Flashcards in EA01 - Introduction to Culture Deck (34)
a shared set of traditions, belief systems, and behaviors and is shaped by many factors, including history, religion, politics, and resources
the most powerful or the most widely practiced cultures in a particular society, whether the society is a region or an entire country.
also called “subcultures.” They are described as a group of people living within a larger society who share values, beliefs, behaviors, status, or interests that are different from the macro-culture or the rest of society.
all the parts of a culture are interconnected and integrated.
a cognitive “shortcut” that helps us organize and interpret the vast amount of information that exists in our environment.
A culture’s values and beliefs are often manifested as symbols, which can be visible or invisible. Symbols can be words, objects, and stories that are meaningful to our culture.
The sum of beliefs and values that people use to define and interpret the world, and their place within it.
The ability to quickly and accurately comprehend, and then effectively act in a culturally complex environment to achieve the desired effect without necessarily having prior exposure to a particular group, region, or language.
An approach that emphasizes specific aspects of particular cultures, affording individuals much of the knowledge and/or skills necessary to interact more competently with individuals of other cultural backgrounds
The human tendency to negatively judge others (cultures,
behaviors, values) against our own values and beliefs.
Relativism (as an attitude)
The conviction that the beliefs and practices of others are best understood in light of the particular cultures where they are found.
Relativism (as a behavior)
Temporarily suspending one’s own culturally informed opinion and thinking about how others might interpret or value a situation.
3 Cross-Cultural Competence Skills
Cultural perspective taking
a cognitive process by which an individual is able to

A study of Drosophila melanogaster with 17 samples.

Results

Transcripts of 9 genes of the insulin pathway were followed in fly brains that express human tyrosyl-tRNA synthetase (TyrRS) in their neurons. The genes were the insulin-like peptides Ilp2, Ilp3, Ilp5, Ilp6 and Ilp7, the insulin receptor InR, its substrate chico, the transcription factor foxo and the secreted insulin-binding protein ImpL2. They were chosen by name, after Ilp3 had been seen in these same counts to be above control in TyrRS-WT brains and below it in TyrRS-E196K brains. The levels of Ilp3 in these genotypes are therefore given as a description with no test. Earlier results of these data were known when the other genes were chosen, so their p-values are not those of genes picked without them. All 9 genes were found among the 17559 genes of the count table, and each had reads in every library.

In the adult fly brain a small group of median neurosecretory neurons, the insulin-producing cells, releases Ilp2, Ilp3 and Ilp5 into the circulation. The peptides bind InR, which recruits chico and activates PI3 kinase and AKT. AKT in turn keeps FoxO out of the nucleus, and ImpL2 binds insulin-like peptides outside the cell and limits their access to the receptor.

identify the thoughts and/or feelings of another culture.
a fixed or distorted generalization about all members of a particular group that share a particular diversity.
the creation of an adverse or unreasonable opinion about a person or group without gathering all the facts and is usually based on deeply held beliefs.
is the visible act or consideration to act in favor of or against a person or thing based on the group, class, or category to which that person/thing belongs, rather than on individual merit.
4 Components of the OODA Loop
The Observation step involves focused attention on your environment and gathering information through all five senses.
We begin this step by first attempting to make sense of what we are observing by categorizing (organizing) the data in a practical way that is useful to us.
In the Decide step, we consider all the courses of action developed and choose one to move forward with based on our options and understanding of the situation.
In this step, you review what you have decided to do, take action, and then reflect on how you executed your decision.
defined as the “Knowledge, motivation, and skills to
interact effectively and appropriately with members of different cultures.”
a speaker’s implicit, internalized knowledge of the rules of their native language.
understanding how to properly communicate in another language or culture.
Deliberate and motivated self-presentation
the image we want others to have of us
how others actually view us
the ability to manage, modify, and use our emotions toward constructive outcomes.